International standards for avionics equipment are prepared by the Airlines Electronic Engineering Committee (AEEC) and published by ARINC.


Communications connect the flight deck to the ground and the flight deck to the passengers. On-board communications are provided by public address systems and aircraft intercoms.

The VHF aviation communication system works on the airband of 118.000 MHz to 136.975 MHz. Each channel is spaced from the adjacent ones by 8.33 kHz. VHF is also used for line of sight communication such as aircraft-to-aircraft and aircraft-to-ATC. Amplitude modulation (AM) is used, and the conversation is performed in simplex mode. Aircraft communication can also take place using HF (especially for trans-oceanic flights) or satellite communication.

See also: Aircraft Communication Addressing and Reporting System


Main article: Radio navigation

Navigation is the determination of position and direction on or above the surface of the Earth. Avionics can use satellite-based systems (such as GPS and WAAS), ground-based systems (such as VOR or LORAN), or any combination thereof. Navigation systems calculate the position automatically and display it to the flight crew on moving map displays.


Main article: Glass cockpit

Glass cockpits started to come into being with the Boeing 767 in 1982 and the Gulfstream G-IV private jet in 1985. Display systems provide sensor data that allows the aircraft to fly safely. Much information that previously was displayed on mechanical gauges now appears on electronic displays in newer aircraft.

Aircraft flight control systems

Main article: Aircraft flight control systems

Aircraft have means of automatically controlling flight. They reduce pilot workload at important times (like during landing, or in hover), and they make these actions safer by ‘removing’ pilot error. The first simple auto-pilots were used to control heading and altitude and had limited authority on things like thrust and flight control surfaces. In helicopters, auto stabilization was used in a similar way. The first systems were electromechanical.

The advent of fly by wire and electro-actuated flight surfaces (rather than the traditional hydraulic) has increased safety. As with displays and instruments, critical devices which were electro-mechanical had a finite life. With safety critical systems, the software is very strictly tested.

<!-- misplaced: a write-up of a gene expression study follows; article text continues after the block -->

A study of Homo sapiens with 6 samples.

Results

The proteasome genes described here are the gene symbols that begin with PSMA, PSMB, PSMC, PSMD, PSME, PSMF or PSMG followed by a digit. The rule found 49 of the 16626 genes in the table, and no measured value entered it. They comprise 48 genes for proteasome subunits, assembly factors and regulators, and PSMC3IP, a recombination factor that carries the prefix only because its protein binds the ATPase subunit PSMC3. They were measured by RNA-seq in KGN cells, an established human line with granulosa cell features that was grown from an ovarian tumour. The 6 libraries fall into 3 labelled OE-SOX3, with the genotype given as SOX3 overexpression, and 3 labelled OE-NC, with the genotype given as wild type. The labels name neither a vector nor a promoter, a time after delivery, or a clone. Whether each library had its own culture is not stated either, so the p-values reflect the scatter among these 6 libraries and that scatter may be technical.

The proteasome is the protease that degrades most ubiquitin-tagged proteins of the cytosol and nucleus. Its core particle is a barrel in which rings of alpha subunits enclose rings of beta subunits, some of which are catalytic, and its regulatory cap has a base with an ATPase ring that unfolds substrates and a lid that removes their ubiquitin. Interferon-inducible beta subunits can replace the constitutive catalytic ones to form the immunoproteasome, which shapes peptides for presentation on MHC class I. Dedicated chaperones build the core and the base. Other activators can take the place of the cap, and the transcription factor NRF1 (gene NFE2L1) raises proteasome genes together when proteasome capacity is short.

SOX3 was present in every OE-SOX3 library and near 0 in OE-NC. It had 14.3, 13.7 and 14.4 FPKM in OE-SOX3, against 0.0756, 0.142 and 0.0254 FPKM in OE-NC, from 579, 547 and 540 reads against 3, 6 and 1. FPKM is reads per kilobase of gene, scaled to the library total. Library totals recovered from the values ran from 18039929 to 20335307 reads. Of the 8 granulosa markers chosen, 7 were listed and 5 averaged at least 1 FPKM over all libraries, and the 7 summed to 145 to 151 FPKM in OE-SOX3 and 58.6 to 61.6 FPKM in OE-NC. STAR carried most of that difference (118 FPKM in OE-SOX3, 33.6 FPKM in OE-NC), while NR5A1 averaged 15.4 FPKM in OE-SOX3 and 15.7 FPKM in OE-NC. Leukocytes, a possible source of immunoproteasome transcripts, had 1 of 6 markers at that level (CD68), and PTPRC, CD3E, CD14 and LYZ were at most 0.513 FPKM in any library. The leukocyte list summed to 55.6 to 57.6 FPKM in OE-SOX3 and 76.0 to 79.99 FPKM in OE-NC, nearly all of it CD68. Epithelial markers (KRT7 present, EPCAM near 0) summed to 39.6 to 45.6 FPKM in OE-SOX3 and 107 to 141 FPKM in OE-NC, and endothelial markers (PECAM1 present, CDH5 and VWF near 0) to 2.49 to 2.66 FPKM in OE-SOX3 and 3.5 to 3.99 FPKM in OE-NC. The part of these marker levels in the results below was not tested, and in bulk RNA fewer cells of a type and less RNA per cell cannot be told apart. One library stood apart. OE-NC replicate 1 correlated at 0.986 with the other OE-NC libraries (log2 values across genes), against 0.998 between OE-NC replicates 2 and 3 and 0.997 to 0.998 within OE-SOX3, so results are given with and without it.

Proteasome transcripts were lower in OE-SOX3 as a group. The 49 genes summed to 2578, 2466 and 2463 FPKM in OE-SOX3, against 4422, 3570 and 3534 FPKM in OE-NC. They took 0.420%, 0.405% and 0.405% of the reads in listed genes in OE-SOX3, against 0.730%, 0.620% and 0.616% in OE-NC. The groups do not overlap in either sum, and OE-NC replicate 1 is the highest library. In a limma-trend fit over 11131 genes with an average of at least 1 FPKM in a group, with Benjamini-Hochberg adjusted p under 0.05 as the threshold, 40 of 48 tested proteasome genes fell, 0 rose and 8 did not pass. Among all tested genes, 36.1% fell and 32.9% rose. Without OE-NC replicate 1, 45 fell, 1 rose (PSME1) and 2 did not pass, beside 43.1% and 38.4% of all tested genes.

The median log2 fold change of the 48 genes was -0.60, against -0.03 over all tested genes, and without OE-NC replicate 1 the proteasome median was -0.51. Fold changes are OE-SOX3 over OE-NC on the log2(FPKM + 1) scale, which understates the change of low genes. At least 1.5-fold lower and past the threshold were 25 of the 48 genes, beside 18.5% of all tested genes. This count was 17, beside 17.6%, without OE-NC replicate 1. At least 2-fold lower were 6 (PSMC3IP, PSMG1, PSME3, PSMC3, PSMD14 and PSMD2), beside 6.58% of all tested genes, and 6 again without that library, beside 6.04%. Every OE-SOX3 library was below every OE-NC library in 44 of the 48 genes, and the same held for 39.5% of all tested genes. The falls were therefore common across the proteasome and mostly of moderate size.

Collision-avoidance systems

Main article: Aircraft collision avoidance systems

To supplement air traffic control, most large transport aircraft and many smaller ones use a TCAS (traffic alert and collision avoidance system), which can detect the location of nearby aircraft, and provide instructions for avoiding a midair collision. Smaller aircraft may use simpler traffic alerting systems such as TPAS, which are passive (they do not actively interrogate the transponders of other aircraft) and do not provide advisories for conflict resolution.

To help avoid collision with terrain (CFIT), aircraft use systems such as ground-proximity warning systems (GPWS), which use radar altimeters as a key element. One of the major weaknesses of GPWS is the lack of “look-ahead” information, because it only provides altitude above terrain “look-down”. In order to overcome this weakness, modern aircraft use a terrain awareness warning system (TAWS).

Weather systems

Main articles: Weather radar and Lightning detector

Weather systems such as weather radar (typically Arinc 708 on commercial aircraft) and lightning detectors are important for aircraft flying at night or in instrument meteorological conditions, where it is not possible for pilots to see the weather ahead. Heavy precipitation (as sensed by radar) or severe turbulence (as sensed by lightning activity) are both indications of strong convective activity and severe turbulence, and weather systems allow pilots to deviate around these areas.

Lightning detectors like the Stormscope or Strikefinder have become inexpensive enough that they are practical for light aircraft. In addition to radar and lightning detection, observations and extended radar pictures (such as NEXRAD) are now available through satellite data connections, allowing pilots to see weather conditions far beyond the range of their own in-flight systems. Modern displays allow weather information to be integrated with moving maps, terrain, traffic, etc. onto a single screen, greatly simplifying navigation.

Aircraft management systems

There has been a progression towards centralized control of the multiple complex systems fitted to aircraft, including engine monitoring and management. Health and usage monitoring systems (HUMS) are integrated with aircraft management computers to give maintainers early warnings of parts that will need replacement.

The integrated modular avionics concept proposes an integrated architecture with application software portable across an assembly of common hardware modules. It has been used in fourth generation jet fighters and the latest generation of airliners.